New insurance guidance to help 8 million consumers with past criminal convictions

by / Monday, 21 February 2011 / Published in Insurers response, Unlock in the media, Unlock publications

Unlock has joined up with the Association of British Insurers (ABI) to produce guidance for consumers and insurers on the complex issue of criminal convictions and insurance.

According to government figures, more than 8 million people in England and Wales have a criminal conviction and one in three men are convicted by the age of fifty-three.

Consumers are legally required to declare convictions even if insurers do not ask about them, unless they are considered ‘spent’ under the Rehabilitation of Offenders Act 1974. A fine or community order must be declared for five years, while short custodial sentences must be declared for between seven and ten years. People sentenced to more than thirty months must disclose their convictions for the rest of their life.

The laws apply to anyone covered by a policy, including partners and children on home policies and named drivers on motor policies. If a child receives a fine then their parents must disclose the conviction for 30 months as disclosure periods are shorter for people convicted when under the age of eighteen.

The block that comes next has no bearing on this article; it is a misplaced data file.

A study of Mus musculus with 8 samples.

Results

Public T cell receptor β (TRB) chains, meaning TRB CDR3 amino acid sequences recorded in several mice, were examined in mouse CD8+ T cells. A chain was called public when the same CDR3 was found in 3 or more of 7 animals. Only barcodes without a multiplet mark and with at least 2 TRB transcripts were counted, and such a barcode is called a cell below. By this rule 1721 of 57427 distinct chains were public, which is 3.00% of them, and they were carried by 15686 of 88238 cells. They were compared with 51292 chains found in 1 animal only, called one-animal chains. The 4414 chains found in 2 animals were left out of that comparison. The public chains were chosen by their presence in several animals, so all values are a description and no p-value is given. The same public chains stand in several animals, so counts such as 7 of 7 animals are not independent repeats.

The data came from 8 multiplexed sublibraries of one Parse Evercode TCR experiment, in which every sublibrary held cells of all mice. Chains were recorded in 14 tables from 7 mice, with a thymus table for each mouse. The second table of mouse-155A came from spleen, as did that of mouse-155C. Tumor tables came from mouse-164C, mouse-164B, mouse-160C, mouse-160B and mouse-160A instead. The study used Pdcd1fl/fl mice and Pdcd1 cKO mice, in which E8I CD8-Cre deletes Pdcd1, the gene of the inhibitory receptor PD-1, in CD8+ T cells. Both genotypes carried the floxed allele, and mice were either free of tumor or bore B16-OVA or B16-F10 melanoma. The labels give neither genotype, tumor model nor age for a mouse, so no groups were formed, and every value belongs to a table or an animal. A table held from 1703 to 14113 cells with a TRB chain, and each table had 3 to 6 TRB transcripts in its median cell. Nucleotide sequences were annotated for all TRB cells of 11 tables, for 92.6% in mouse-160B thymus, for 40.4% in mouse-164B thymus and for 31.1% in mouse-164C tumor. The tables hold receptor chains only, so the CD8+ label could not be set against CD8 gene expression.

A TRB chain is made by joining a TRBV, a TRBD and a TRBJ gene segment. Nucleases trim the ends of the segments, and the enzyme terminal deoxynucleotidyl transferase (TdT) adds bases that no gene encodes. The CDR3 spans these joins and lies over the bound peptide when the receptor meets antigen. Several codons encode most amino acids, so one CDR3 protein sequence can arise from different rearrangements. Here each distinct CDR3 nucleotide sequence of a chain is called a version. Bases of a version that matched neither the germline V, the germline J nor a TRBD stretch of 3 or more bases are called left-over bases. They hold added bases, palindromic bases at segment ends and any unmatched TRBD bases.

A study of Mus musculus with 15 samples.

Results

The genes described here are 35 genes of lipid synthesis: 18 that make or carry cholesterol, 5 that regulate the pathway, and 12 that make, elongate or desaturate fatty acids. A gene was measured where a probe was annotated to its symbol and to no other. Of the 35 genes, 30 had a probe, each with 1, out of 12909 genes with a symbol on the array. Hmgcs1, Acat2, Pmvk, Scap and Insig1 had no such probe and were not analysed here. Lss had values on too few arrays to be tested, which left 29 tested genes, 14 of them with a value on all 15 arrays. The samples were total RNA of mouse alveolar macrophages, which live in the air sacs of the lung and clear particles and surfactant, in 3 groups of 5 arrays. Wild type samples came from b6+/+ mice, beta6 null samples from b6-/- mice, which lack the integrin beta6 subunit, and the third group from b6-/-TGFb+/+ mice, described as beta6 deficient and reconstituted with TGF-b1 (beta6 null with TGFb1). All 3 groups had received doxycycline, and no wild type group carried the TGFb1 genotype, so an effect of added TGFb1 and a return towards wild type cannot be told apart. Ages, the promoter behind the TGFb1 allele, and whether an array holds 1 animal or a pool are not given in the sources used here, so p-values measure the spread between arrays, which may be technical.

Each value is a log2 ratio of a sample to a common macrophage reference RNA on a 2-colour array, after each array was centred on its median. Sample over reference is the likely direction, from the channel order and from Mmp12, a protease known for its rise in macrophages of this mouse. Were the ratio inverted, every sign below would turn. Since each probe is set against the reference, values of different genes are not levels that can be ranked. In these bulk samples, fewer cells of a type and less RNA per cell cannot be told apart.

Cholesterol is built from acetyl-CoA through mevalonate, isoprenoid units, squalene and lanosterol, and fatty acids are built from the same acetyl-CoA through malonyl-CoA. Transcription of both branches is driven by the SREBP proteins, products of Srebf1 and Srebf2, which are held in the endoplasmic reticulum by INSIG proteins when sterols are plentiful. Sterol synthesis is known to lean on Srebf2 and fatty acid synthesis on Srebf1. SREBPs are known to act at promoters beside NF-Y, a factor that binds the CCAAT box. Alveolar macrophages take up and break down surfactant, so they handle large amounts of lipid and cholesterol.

Many insurers take unspent convictions into account when assessing risk. If ‘unspent’ convictions are not disclosed insurers are able to avoid any claims made on the policy.

Unlock’s guidance, which has been sponsored by online insurers homeprotect, highlights consumers’ legal obligations and provides advice on how to buy insurance. The ABI’s guidance covers insurers’ legal obligations and industry best practice, such as including clear questions about convictions to make sure consumers get appropriate cover.

Chris Bath, Director of Projects at Unlock said: “Financial services are a crucial foundation for engagement in modern society. If we want people to lead productive lives; working, paying taxes and providing their family with a home, we cannot allow the justice system to sever people from their finances, even less to create lifelong financial exclusion.”

Nick Starling, the ABI’s Director of General Insurance and Health, said: “Access to, and fair treatment by, financial services providers is a key part of financial inclusion. We recognise that some people with criminal convictions and related offences may encounter difficulties when looking for insurance. We have produced guidance for our members to ensure that people with criminal convictions get a fair deal from insurers. Customers can expect insurers following the guidance to provide clear information about how they use criminal convictions, ask clear and concise questions, and help those to whom they may be unable to insure.”